For all of the progress we’ve made in developing wireless phones and Internet, we still depend on wires for one thing: when our devices run out of juice, we have to plug them into the wall. The more devices, the more tangled that mess of wires becomes. But Massachusetts-based WiTricity is working to free humanity from the tyranny of cords.
The company is developing a device that can be placed in the ceiling or on the wall of a room and wirelessly power just about anything that depends on electricity, ranging from lights to televisions to laptops. The prototype device can even recharge a cellphone while it’s in your pocket.
WiTricity, a spinoff from the Massachusetts Institute of Technology, was co-founded by physics professor Marin Soljacic in 2007. He began investigating wireless electricity transmission after being awakened one too many times by his wife’s phone, which began beeping whenever it needed to be recharged. Soljacic looked to the principle of magnetic induction for the answer. The trick was to run a current through electromagnetic coil, which converts the energy into a magnetic field. That field, in turn, could induce small coils embedded in wireless devices to generate electricity. WiTricity has improved the technique to allow for transfer over longer distances, meaning you could have a central coil in your ceiling powering all your devices, with secondary coils in your electronics to receive the power. The problem was the massive amount of power that can be lost through the process, but WiTricity claims to have invented technology that permits 90% efficiency in some cases, compared to using a cord.
WiTricity is now trying to convince manufacturers to include induction coils in their devices so they can be charged wirelessly. The company says that some such devices could be released by the end of this year. For now, the chargers will work at a distance of only up to one metre, but over the next five years, WiTricity hopes to sell chargers that will work over greater distances, and eventually produce systems able to silently power multiple devices wherever they are located in a room. “People take wireless communications for granted,” says David Schatz, the company’s director of business development. “The same thing will happen with charging. It will become an afterthought.”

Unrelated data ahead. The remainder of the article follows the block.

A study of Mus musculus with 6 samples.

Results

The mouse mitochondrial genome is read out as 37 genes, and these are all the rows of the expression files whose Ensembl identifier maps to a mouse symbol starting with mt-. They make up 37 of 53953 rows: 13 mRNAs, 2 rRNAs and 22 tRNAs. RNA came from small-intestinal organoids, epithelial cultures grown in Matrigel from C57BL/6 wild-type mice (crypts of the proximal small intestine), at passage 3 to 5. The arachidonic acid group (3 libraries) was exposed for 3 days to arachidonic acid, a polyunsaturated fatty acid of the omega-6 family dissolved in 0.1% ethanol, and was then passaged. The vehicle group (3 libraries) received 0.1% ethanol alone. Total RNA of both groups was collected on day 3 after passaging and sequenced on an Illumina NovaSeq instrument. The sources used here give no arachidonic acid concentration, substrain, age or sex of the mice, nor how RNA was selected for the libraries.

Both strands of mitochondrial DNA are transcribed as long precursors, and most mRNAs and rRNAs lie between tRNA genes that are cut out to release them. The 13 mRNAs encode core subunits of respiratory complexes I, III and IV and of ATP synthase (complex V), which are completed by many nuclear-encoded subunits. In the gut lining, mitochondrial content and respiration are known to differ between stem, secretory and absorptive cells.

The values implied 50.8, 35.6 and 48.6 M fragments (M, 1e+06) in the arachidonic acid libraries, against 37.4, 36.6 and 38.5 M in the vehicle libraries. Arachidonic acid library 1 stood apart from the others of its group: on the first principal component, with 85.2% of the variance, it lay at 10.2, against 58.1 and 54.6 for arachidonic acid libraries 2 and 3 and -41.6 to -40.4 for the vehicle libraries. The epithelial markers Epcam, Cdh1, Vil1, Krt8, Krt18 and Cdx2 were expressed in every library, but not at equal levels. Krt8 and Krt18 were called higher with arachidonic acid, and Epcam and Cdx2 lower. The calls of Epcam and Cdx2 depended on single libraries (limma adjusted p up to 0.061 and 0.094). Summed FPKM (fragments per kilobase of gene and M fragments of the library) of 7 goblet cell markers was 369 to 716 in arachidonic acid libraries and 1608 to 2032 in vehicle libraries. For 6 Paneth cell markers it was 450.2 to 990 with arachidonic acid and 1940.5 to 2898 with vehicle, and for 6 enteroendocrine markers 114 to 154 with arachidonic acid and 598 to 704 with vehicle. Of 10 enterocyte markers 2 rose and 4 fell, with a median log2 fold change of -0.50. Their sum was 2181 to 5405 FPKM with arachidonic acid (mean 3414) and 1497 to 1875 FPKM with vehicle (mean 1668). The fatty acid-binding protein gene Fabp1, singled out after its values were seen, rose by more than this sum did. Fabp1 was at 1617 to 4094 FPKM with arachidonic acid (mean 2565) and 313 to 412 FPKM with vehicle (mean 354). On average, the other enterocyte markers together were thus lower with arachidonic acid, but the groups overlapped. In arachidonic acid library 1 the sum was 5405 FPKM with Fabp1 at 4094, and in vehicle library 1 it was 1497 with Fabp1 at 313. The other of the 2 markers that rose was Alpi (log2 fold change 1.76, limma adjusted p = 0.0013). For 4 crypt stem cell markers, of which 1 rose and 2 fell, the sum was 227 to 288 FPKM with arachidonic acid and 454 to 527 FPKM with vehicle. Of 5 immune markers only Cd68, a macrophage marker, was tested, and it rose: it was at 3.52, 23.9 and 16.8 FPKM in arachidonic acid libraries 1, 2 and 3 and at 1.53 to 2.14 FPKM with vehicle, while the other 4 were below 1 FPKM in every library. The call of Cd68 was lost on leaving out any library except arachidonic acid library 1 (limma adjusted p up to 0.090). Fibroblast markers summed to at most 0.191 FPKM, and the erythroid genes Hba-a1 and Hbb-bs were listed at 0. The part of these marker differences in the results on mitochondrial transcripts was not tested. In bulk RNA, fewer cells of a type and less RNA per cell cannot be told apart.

WiTricity has competition, however. Devices are already hitting the market that employ magnetic induction over shorter distances. Powermat USA and Fulton Innovation, both firms in Michigan, sell pads that recharge phones and other gadgets that are placed directly on top. But they also are struggling with the fact that few phones and laptops come with induction coils built in. For now, an iPhone, for example, needs to be slipped into a special case (purchased separately) that contains the secondary coil required to recharge the battery. “One of our primary goals is getting into devices,” says Dave Baarman, Fulton’s director of advanced technologies. His company has already collaborated with Dell to release the Latitude Z last year, a laptop that can be powered wirelessly – assuming you’re willing to shell out US$349 for the wireless charging stand.
But while the technology for wireless charging is largely ready, a brewing standards war may slow its release. An iPhone in a Powermat case can’t be recharged on a Fulton pad, for example. To solve this problem, the Wireless Power Consortium – which counts Fulton as a member, along with Research in Motion and Nokia – is developing compatibility standards for wireless electricity.
The group is also working hard to make sure there are plenty of convenient places to charge devices in the future. Baarman says furniture makers are interested in creating tables and desks with built-in charging pads. Car companies are also looking into built-in charging pads, allowing you to power up on your way to work.
All of this suggests that one day soon, adaptors will be a thing of the past. “I picture in a couple of years being able to walk into a coffee shop, set down my phone, and leave with it being fully charged,” says Vlad Grodzinskiy, assistant product manager at Powermat. Considering how quickly wireless communication became the norm, cutting that final cord can’t be far behind.